Michael Chang and Stefan Edberg battled for the 1989 French Open title.
With the 1989 Australian Open title already under his belt, world No. 1 Ivan Lendl was an overwhelming favorite to win his fourth French Open championship and take the first two legs of the calendar-year Grand Slam.
Cruising through to the fourth round, Lendl faced Chang, the 15th seed, and won the first two sets comfortably. The 17-year-old American, who grew up playing on hard courts and was at his most comfortable on faster surfaces, was being coached by former pro Jose Higueras to learn the nuances of clay and had been making strides on the surface. Facing Lendl, though, was going to be as true a test as any. Somehow, after losing the first two sets, Chang won the next two—battling both cramps, as well as the world No. 1. Crowding the service line on his returns and throwing in an underhand serve, Chang unnerved Lendl, who finally went down 6-3 in the last set to complete one of the sport’s biggest upsets.
From there, Chang overcame his next two opponents quite comfortably by comparison to reach the final against Edberg. The third seed, who had long bucked the tradition of being a Swedish baseliner like French Open winners Bjorn Borg and Mats Wilander, serve and volleyed his way to his first final in Paris. The reigning Wimbledon champ only lost one set through his first five matches before overcoming Boris Becker, another serve and volleyer and past Wimbledon winner, in five sets in the semifinals.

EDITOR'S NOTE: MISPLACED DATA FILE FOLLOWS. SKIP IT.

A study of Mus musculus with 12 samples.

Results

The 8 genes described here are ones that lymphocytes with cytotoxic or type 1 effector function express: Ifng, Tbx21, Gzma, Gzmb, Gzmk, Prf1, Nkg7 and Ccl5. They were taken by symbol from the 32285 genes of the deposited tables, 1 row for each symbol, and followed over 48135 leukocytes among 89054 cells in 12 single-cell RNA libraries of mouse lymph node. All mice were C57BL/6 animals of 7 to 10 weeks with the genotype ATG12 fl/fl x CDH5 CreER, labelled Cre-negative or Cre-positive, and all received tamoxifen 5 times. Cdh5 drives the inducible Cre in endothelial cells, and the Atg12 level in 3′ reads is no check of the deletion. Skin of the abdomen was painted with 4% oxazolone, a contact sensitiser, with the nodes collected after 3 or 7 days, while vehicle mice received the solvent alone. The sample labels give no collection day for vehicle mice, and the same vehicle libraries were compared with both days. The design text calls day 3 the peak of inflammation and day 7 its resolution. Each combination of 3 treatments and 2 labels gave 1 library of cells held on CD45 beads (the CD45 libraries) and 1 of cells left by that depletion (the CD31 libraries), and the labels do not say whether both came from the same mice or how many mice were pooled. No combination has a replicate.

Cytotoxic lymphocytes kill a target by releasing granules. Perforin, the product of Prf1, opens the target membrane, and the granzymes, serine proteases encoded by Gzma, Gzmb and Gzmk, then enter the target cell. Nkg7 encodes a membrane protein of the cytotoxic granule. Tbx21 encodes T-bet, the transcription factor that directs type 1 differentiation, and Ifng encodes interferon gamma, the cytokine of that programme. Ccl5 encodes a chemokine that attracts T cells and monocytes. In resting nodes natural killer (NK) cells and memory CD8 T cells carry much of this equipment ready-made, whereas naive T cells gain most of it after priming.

Though Chang had only been a professional for a year, he already had faced Edberg on several occasions, including a win against the three-time major winner in Indian Wells earlier in the year in their most recent match. In the first set of the final, Chang executed the strategy of putting pressure on Edberg’s serve and groundstrokes perfectly as he raced through the opener 6-1.
With much more experience playing in the conditions of a Grand Slam championship match, Edberg still kept attacking on the slow red clay to win the next two sets. In the fourth set, the third seed had numerous opportunities to break Chang’s serve and truly put the title within his reach, but each time, the American fought him off with perfect passing shots. As Edberg served to extend the fourth at 4-5, Chang broke to level the match.
In the final set, up 5-2, Chang clinched the title behind consecutive forehand misses from Edberg and in the process, became the first American man to win at Roland Garros since Tony Trabert in 1955. At 17 years, 3 months, Chang broke the record set by Becker in 1985 as the youngest male Grand Slam winner in the Open Era.
This was Chang’s second career title, the first coming at the indoor event on carpet in San Francisco in September 1988. His record in finals moved to 2-0.
Chang was the fourth American man to reach a French Open final in the Open Era, after Harold Solomon, Brian Gottfried and John McEnroe.
Edberg lost his sixth match in 10 finals against American men.